Interview with Lieutenant General Rudy Debaene, National Armament Director of the Ministry of Defence of Belgium.
ESD: In many western countries, the changed security-political situation in Europe has induced governments to allocate additional funds for defence and armament. To what extent and in what way has this trend influenced things in your country?
LtGen Debaene: Of course, Belgium follows this mainstream as we are part of Europe and the European security environment. But next to the trigger of the changing security situation, as our legacy systems are slowly reaching their end of life, Belgium needed to invest in new major equipment to be prepared for the future. Other elements that influenced the strategic investment plan are the shortfalls that are/were identified within NATO and within the European Defence arena: tanker aircraft, MALE drones, unmanned systems, communication assets, protection against cyber-attacks, and so on. All these elements are at the basis of the investments part in the “Strategic Vision for Defence” approved in June 2016.
ESD: What are the most important military aerospace programmes in your country, both current and forthcoming?
LtGen Debaene: Next to the Agusta A109, we operate since 2014 the NH90 helicopter in close relationship with our European and international partners in the project.
Our C-130 fleet will be replaced from 2020 on by A400M, a decision our government already took in the beginning of this century. Next to that, we engaged in the EU MRTT project for the equivalent of 1000 flying hours and our “white fleet” is subject of an “outsourcing” project for the equivalent of 2000 flying hours intercontinental business jet, with the possibility for leasing wide body aircraft within the same contract. This part of our fleet will be “completely European” and will be put under the EATC.
Our F-16 fleet is ready to leave service in the 2023 – 2028 period and will be replaced by F-35 combat aircraft. Here we seek to link up with our other European partners (Netherlands, UK, Denmark, Norway, Italy, and so on), but due to or rather thanks to the connectivity on board (such as Link 16), we will be able to cooperate with all other European and international partners as we do for the moment being.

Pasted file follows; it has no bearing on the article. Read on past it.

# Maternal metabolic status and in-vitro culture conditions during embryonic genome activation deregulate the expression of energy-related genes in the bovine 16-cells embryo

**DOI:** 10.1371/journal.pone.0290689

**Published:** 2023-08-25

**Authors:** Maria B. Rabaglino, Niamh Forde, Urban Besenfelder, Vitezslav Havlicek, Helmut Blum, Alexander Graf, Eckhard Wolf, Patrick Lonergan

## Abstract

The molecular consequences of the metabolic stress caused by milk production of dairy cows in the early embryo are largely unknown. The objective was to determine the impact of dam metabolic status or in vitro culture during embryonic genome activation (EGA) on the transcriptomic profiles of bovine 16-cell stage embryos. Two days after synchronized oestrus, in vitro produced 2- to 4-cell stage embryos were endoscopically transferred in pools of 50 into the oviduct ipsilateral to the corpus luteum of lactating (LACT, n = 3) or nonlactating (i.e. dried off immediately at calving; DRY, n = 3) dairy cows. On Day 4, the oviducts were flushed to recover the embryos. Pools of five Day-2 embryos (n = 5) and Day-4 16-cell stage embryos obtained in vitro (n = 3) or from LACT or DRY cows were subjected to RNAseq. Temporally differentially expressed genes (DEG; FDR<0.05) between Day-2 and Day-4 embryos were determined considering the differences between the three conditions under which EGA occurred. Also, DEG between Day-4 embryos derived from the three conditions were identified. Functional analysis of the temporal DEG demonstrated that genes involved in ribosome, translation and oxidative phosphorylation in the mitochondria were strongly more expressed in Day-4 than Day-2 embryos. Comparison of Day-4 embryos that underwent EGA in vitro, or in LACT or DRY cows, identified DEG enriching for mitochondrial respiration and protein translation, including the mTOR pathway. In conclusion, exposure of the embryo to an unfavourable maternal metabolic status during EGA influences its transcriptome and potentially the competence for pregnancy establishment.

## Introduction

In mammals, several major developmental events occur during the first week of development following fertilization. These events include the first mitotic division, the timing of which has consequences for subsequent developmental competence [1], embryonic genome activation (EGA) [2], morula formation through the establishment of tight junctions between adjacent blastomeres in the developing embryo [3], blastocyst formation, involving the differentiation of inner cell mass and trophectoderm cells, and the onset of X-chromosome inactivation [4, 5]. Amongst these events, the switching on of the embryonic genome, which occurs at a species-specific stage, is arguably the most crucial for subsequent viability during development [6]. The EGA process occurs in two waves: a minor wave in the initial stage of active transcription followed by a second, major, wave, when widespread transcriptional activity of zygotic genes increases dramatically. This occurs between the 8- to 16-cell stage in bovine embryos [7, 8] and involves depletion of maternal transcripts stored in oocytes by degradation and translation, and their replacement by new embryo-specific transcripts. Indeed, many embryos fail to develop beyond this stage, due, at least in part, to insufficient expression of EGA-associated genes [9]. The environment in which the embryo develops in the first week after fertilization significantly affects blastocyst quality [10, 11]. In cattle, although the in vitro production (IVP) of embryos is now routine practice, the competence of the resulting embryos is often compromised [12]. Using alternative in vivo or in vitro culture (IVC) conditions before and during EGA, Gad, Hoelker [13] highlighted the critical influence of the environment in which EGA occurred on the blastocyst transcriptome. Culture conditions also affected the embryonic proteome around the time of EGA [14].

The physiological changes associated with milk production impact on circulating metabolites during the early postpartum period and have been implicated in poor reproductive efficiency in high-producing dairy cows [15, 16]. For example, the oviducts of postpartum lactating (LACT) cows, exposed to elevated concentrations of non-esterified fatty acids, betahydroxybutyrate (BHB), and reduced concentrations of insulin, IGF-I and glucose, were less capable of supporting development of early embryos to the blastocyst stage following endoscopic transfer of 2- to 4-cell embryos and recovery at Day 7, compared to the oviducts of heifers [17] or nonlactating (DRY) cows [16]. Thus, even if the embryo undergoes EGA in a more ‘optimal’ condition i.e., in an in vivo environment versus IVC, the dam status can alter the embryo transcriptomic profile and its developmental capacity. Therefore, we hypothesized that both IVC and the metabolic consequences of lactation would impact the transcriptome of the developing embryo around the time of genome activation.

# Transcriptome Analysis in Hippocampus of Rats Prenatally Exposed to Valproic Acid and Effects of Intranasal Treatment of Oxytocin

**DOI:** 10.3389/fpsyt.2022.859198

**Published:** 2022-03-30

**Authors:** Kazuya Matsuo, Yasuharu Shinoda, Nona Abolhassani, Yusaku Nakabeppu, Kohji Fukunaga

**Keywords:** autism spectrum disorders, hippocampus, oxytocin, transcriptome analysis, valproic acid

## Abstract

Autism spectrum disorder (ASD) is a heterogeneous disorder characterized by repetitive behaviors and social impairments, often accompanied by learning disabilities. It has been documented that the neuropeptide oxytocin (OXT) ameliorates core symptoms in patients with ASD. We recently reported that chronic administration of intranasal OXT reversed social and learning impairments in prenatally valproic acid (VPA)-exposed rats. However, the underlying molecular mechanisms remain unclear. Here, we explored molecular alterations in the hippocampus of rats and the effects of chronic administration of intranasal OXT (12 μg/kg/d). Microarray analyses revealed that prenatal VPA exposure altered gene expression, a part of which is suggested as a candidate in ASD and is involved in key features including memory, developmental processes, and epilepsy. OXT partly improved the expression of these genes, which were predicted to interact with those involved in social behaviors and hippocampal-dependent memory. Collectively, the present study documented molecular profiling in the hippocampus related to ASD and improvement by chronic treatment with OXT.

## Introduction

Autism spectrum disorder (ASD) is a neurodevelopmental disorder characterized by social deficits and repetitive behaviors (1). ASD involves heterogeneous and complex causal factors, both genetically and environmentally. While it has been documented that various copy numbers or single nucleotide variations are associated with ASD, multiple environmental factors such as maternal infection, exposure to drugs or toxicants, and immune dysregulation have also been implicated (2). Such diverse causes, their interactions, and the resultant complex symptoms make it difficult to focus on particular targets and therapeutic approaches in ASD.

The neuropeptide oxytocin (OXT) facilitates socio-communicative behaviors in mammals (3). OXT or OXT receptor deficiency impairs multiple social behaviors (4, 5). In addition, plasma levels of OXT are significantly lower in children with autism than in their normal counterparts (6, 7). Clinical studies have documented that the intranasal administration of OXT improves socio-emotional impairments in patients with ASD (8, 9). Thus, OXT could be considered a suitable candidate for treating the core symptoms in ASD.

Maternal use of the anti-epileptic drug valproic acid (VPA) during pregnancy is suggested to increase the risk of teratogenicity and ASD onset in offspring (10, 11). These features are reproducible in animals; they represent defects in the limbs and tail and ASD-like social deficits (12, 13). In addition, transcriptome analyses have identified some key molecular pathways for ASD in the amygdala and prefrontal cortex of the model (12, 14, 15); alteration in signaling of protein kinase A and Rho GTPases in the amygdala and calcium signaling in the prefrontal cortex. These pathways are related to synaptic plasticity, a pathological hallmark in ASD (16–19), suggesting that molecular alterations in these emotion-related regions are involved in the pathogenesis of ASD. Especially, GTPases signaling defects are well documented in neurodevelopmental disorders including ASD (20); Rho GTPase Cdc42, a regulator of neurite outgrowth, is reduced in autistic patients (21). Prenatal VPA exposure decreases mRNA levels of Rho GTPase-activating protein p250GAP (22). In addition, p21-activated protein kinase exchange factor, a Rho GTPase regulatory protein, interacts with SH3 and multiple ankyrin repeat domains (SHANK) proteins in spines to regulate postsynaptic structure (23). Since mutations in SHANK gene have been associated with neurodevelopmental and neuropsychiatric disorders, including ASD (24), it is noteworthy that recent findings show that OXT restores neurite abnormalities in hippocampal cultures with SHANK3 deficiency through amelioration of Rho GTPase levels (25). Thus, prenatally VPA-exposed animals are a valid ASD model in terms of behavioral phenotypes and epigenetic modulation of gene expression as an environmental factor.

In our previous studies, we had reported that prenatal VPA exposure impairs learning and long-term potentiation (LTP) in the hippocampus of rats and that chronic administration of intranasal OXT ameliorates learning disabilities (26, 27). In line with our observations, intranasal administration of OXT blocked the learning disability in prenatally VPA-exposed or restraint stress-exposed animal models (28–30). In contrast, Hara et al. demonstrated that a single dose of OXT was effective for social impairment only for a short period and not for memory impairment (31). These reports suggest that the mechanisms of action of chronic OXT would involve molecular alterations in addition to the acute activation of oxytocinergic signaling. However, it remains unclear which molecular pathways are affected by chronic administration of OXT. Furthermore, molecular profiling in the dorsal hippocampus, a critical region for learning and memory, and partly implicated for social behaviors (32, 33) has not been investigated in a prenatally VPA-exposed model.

Belgium is contracting MQ 9B MALE drone systems through an FMS case with the US that are to be delivered in the 2023 timeframe. Concerning “image intelligence” we joined the MUSIS-CSO project under French lead and in the area of satellite communication, we partner up, amongst others, with Luxemburg in their GovSatCom programme.
ESD: What share of your procurement funds is invested in military aerospace R&D and what are you concentrating on?
LtGen Debaene: It is difficult to give a precise indication of this percentage, but Belgium is supporting several EDIDP programmes with elements of aerospace R&D in it: the first one is called HAPS, “high altitude pseudo satellite”, that heads for a long endurance airborne system (based upon solar energy), able to carry communication systems or image sensors on board. We also support an EDIDP project that aims at generating a “European protected waveform” in satellite communications. Next to that, our industry will get the opportunity to be involved in high tech industrial work packages and R&D topics together with the partner industry in the F-35 programme.
ESD: Which of these are carried out in international partnerships, and who are your partners?
LtGen Debaene: For the F-35 programme, it will be US as well as EU industrial partners and MoDs. For the EDIDP programmes, industry still is in negotiation phase with their international partners, but we have already identified potential EU nations that show interest in joining up.
ESD: What are your nation’s current activities and considerations in the framework of PESCO (Permanent Structured Cooperation) and what are your plans?
LtGen Debaene: Belgium is lead nation in the “MAS – MCM” project, that looks at the follow-up for the existing maritime autonomous systems for mine countermeasures. Next to that, Belgium joined as “partner” in 10 projects and as “observer”
in another 4 programmes.
The questions were asked by Peter Bossdorf.